AS THOUGH we needed telling – again – last month saw the release of yet another survey telling us the astonish fact that around a third of the UK’s dogs and cats are so far overweight as to be termed obese.

Pet insurer Sainsbury’s Bank estimates that 2.72 million dogs and 2.87 million cats are suffering from obesity. This amounts to 34% of the UK’s combined cat and dog population. The company has also come up with some revealing figures about the amount of pet food we buy.

According to a research study carried out by the Chartered Society of Physiotherapy, some 81% of animal physiotherapists think obesity is the number one health danger for dogs. Almost two-thirds of the physiotherapists believe the main causes of the rise in canine obesity are lack of exercise and overfeeding.

Claire Moyles, Sainsbury’s Pet Insurance Manager said: ‘Many pet owners may like to treat their animals with food and snacks intended for human consumption, but they must be aware of the detrimental effect this can have on their pet’s health. Treats such as chocolate can not only lead to obesity but also when ingested in large amounts can even have serious effects on an animal’s pancreas and heart.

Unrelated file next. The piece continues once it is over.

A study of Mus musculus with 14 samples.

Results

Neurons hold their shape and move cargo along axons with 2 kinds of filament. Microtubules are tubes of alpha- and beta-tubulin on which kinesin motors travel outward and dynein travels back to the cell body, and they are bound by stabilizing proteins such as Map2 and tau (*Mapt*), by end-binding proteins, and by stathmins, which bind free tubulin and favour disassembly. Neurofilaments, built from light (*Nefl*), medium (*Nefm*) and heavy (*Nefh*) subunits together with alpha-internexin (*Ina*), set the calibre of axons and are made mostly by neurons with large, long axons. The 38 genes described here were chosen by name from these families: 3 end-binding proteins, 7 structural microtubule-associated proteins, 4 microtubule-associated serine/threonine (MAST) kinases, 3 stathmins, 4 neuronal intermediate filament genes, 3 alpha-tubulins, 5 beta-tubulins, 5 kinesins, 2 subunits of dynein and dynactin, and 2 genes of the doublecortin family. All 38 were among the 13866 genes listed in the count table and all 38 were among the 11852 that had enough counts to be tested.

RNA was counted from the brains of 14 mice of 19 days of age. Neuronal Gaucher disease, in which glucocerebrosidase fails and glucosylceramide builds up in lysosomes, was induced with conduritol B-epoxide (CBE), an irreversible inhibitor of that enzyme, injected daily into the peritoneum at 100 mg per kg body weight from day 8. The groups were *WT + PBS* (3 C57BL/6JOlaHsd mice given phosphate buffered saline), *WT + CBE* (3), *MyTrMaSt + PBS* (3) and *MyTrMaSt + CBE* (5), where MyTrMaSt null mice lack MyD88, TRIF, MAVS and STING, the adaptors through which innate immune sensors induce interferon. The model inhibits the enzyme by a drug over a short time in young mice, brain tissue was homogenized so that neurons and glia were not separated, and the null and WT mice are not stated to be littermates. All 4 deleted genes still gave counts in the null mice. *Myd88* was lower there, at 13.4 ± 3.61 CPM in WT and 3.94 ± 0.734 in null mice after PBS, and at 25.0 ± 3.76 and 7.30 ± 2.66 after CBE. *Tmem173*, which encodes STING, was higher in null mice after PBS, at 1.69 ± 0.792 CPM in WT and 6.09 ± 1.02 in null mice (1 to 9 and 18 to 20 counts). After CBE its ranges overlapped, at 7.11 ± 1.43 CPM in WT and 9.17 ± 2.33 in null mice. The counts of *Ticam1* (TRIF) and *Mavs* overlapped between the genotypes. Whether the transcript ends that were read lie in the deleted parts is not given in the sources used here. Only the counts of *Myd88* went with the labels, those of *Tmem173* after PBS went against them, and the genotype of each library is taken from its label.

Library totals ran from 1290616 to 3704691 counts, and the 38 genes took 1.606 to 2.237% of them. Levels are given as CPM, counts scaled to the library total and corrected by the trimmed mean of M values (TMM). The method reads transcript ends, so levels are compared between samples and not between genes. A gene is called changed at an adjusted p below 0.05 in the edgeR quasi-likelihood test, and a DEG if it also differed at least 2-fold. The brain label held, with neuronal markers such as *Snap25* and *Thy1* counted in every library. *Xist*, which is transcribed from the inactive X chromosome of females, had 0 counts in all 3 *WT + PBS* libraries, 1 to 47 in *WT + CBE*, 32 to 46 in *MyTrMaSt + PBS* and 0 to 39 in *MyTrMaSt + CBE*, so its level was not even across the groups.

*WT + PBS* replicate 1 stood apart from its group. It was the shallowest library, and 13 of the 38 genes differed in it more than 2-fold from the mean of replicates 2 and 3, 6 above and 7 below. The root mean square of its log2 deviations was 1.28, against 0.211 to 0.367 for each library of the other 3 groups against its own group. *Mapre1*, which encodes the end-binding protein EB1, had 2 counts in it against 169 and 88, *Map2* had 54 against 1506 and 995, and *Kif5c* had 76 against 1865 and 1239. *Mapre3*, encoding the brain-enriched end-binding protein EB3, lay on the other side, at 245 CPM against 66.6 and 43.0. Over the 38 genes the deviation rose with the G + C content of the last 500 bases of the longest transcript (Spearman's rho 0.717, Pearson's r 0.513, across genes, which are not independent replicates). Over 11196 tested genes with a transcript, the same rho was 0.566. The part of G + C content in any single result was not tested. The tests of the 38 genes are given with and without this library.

‘Overfed, obese animals often suffer from diabetes, osteoarthritis and other conditions that require a long-term course of veterinary treatment and their life expectancy can also be reduced dramatically.

‘Owners concerned about their pets’ weight should consider feeding their animals from the growing range of nutritionally balanced, low-calorie, organic or additive and preservative free pet foods.’

Pet Food Bill

Sainsbury’s Pet Insurance estimates that 422,800 dog owners and 202,100 cat owners spend around £516 a year on pet food for a single animal, the equivalent of either 1,613 pouches of dog food or four a day, and 2,345 pouches of cat food or six a day.

The average annual amount of money spent on feeding a dog is £209, the equivalent of 653 pouches or 550 cans of dog food. For a cat, it is £167, the equivalent of 795 pouches or 491 cans of cat food.

The ideal body weight for any animal varies dramatically according to breed, sex and age. The Pet Food Manufacturers Association, (PFMA) offers the following ways to assess whether your animal is overweight or not:

1 – Thin: ribs easily felt, backbones and hip bones visible.
2 – Underweight: ribs easily felt, waist very obvious.
3 – Ideal: ribs can just be felt, no excess fat covering, tummy tucked up when viewed from side, waist narrows after ribs.
4: Overweight: ribs can be felt but with a bit of excess fat, waist can be seen but not easily, tummy tucked up, but just.
5: Obese: ribs not easily felt, waist almost invisible, tummy may be sagging.